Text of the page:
In 2002, I was employed as an emergency interviewer at an outreach center here in Baltimore. One of the first people I met was a religious sister, whom we’ll call “Mary,” who was the AIDS/HIV coordinator. Sister Mary instilled in me a culture of encounter, the importance of being compassionate to people no matter their condition or situation, and the need to meet them where they are.
This Sunday parishioners in the Archdiocese of Baltimore will have the opportunity to express their gratitude to our retired religious sisters, brothers, and priests. By giving to the Retirement Fund for Religious this weekend, parishioners will be telling these men and women, who sacrificed so much for us, that we are deeply grateful, and that we care about their welfare.
I know and have spent time with one of these retired sisters, a person who gave without counting the cost. I would like to share my encounter with you and your parish.
Sister Mary truly believed and taught her clients that they were special in God’s sight at a time when society as a whole feared contact with people infected with AIDS and HIV. “If life seems unfair, turn to God and he will be there,” she often repeated. She often purchased items for her clients out of her own pocketbook and would say to me, “Do not worry about me Pres – God will take care of me later.” No matter how rough her clients had it, she was always there for them.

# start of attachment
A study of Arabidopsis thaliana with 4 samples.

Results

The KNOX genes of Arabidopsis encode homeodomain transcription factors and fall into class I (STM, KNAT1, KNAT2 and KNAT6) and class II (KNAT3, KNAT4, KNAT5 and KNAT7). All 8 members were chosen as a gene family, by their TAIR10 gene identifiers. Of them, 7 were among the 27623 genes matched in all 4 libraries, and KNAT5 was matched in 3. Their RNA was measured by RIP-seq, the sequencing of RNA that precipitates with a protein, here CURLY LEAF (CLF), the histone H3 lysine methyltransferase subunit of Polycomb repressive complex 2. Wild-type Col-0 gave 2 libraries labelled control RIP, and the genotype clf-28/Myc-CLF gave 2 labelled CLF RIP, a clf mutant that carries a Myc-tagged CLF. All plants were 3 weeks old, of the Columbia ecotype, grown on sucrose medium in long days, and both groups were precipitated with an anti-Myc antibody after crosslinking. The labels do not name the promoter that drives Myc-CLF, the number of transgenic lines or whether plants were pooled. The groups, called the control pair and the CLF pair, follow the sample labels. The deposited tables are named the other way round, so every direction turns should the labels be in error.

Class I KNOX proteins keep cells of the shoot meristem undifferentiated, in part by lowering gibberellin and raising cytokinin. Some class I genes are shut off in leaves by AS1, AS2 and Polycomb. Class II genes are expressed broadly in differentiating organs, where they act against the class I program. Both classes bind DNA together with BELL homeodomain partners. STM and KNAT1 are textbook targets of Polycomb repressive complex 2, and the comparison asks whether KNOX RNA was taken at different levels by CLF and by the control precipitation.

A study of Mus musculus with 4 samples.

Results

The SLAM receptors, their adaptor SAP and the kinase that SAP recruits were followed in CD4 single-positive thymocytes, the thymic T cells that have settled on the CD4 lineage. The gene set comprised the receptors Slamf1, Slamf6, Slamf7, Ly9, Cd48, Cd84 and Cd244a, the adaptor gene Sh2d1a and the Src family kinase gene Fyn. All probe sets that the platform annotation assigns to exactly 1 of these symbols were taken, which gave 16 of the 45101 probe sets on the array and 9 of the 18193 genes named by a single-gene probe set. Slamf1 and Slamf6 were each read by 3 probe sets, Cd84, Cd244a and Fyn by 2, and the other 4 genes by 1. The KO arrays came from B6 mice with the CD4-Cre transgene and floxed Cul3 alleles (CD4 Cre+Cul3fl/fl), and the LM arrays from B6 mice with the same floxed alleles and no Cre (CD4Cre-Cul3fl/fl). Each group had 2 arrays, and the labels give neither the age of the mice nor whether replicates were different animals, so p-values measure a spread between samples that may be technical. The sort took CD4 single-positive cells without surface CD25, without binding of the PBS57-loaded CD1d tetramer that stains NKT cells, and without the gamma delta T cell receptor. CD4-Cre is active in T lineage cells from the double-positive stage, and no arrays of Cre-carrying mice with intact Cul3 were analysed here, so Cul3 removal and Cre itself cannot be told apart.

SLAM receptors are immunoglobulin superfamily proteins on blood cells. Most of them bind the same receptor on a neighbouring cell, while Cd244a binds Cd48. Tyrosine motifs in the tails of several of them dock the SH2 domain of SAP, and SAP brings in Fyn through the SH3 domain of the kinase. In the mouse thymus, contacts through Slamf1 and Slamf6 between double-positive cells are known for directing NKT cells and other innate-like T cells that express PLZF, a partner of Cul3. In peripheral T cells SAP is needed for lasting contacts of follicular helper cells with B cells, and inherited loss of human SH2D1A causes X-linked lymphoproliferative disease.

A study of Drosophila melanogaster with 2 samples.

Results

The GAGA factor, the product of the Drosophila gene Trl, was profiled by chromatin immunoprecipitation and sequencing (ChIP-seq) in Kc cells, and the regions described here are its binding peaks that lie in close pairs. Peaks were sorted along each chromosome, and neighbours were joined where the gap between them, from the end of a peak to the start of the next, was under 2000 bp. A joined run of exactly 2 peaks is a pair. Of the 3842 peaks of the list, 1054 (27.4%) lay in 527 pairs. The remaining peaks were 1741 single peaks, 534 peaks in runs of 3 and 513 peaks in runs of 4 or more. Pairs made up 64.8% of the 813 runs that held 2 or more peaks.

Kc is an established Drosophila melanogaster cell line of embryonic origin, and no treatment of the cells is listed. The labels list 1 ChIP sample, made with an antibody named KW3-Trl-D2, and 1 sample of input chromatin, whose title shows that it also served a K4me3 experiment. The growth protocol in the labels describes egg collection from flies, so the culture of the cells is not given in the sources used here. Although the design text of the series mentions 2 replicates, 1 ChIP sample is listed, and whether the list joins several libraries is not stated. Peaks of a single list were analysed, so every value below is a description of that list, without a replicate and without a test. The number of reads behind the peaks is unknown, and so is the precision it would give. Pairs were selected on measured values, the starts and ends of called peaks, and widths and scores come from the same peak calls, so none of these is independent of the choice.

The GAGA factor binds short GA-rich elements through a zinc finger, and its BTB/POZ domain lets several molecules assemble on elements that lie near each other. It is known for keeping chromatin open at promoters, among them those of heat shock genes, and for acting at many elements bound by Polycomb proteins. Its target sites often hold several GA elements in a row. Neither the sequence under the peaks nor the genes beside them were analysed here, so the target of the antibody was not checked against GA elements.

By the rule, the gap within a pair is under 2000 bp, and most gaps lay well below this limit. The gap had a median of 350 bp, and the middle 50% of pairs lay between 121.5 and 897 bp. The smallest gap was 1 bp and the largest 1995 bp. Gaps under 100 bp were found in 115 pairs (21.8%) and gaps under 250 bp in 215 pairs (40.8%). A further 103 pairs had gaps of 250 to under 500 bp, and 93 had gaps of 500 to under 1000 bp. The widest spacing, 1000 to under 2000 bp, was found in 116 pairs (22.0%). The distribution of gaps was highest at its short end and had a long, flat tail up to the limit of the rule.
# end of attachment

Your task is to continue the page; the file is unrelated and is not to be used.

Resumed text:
When she retired, there was a void created throughout the AIDS/HIV community. She was such a strong leader and a passionate advocate for her clients. That’s why this year, on the World AIDS/HIV Day (December 1), I went to visit my friend in retirement.
I was nervous yet anxious to see her. As I entered the convent and walked down the hallway to her room, I noticed the quietness of the building and the many empty bedrooms. I ran into a nurse who directed me to Sister Mary. She was sitting on her walker in a daze, among other sisters who now needed others to help them.
Looking at her, I thought that Sister would not remember me. Nevertheless, I grabbed her hand and said,“Good Morning Sister Mary. It’s Deacon Presberry from the outreach center.” She lifted her head and said, “They were good old days, were they not?” Holding back the tears I answered, ‘”Yes, they were” while Sister lowered her head back in a resting position. I talked and talked and she just sat there until finally she said, “God is taking care of me.” With that, I gave Sister Mary a blessing, kissed her forehead, and left.
We all know a story about a sister, brother, or priest of a religious order who gave without counting the cost. This weekend, let us in turn give without counting the cost, just like Sister Mary did.